Prince Andrew spoke on the importance of encouraging young people into print and the value of apprenticeships at The Printing Charity's 188th Annual Luncheon yesterday (5 November).
The Duke, the current president of the charity, was the guest speaker at the event, held at Stationers’ Hall in the City of London.
He noted that print's ubiquity sometimes rendered it invisible and thanked the 165 guests at the lunch for raising the profile of print as a whole before raising a toast to ‘the printed word’.
He said: "The more you can do to encourage young people to become skilled, particularly in your sector, which covers a wide range of skills, the better. I not only congratulate you on what you have done, but also ask you to continue the work you do.
“The charity does a huge amount to make sure that not only those that are in difficulty are helped, but also that those that come into the industry get the start they need.”
Prior to the Duke’s speech, chairman of The Printing Charity Jon Wright spoke of the organisation’s work in 2015. He highlighted that the charity will help out more than 1,000 people this year, up from 685 last year.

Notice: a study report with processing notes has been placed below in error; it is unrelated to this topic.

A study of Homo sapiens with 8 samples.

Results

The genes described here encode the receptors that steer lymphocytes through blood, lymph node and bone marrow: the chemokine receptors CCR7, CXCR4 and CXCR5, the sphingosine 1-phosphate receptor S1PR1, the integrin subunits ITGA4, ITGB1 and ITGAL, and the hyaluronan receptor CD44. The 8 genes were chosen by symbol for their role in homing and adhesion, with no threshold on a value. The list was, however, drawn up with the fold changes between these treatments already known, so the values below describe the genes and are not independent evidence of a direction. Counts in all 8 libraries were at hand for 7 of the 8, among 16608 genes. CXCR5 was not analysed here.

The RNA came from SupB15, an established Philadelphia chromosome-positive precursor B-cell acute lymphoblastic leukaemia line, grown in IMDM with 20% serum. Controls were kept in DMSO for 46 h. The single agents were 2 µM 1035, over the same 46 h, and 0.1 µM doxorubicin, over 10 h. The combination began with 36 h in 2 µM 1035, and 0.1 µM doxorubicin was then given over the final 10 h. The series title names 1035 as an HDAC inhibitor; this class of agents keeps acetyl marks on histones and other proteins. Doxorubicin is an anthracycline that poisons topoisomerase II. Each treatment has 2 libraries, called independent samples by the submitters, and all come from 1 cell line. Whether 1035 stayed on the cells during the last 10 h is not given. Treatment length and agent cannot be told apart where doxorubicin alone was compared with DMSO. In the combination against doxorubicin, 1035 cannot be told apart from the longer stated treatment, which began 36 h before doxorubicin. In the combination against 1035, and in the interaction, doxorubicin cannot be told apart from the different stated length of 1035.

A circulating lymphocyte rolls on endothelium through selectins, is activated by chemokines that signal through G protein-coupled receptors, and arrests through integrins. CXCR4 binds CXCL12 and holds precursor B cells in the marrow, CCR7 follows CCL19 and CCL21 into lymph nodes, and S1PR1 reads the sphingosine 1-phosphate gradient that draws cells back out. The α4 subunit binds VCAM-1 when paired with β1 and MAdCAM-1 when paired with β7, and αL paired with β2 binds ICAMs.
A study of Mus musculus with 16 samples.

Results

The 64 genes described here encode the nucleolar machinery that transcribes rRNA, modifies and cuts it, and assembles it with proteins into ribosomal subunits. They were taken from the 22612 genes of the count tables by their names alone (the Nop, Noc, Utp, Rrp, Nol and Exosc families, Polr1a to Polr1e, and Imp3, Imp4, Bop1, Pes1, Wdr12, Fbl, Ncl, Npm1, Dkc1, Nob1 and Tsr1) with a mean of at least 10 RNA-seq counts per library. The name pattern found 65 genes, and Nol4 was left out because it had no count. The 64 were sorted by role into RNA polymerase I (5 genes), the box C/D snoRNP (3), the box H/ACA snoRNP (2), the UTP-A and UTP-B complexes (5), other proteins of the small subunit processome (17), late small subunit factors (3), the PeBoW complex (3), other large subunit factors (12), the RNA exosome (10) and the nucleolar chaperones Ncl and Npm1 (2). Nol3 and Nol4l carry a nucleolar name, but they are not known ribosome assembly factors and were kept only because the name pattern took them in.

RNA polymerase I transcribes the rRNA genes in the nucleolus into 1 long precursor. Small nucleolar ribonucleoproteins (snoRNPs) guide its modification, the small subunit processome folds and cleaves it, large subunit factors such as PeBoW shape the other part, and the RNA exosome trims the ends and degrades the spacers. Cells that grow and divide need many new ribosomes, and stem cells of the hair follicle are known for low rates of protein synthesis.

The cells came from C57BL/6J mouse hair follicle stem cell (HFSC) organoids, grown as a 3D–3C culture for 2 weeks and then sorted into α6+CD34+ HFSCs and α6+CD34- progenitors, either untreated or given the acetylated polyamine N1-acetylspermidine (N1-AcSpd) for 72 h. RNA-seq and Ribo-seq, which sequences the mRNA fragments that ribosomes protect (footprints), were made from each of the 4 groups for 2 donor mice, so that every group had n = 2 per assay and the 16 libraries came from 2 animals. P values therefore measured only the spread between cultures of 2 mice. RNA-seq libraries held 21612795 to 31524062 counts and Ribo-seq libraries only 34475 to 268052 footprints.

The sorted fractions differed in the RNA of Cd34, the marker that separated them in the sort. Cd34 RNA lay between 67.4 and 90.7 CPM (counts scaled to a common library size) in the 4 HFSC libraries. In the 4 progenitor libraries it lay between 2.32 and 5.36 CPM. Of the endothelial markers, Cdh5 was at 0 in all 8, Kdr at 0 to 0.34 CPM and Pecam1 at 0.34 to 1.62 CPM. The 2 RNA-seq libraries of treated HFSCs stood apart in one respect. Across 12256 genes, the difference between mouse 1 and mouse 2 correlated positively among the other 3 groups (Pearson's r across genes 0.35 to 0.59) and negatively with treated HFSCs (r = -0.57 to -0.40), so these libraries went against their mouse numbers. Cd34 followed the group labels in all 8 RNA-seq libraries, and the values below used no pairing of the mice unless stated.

He added that a record number of 37 awards were given out at the Print Futures event, held at the House of Lords in July, from an also record total of 80 entries.
“The charity has been able to grow due to receiving our second Supplemental Royal Charter last year,” said Wright.
“We expanded on the Print Futures Awards, which help people that wish to study, or are studying, in a print related field. Over four years now we’ve given 123 grants out.”
Wright also highlighted the charity’s work with Proskills and its PrintIT! brochure, which promotes print to young people in schools, as well as its involvement in the development of the new trailblazer NVQ apprenticeships, an initiative led by union Unite and the BPIF.
The luncheon also saw a loyal toast given by The Printing Charity’s vice-president Lord Black of Brentwood while grace was said by President Emeritus Sir Jeremy Elwes. A prize draw held during the luncheon raised £1,420 for the charity.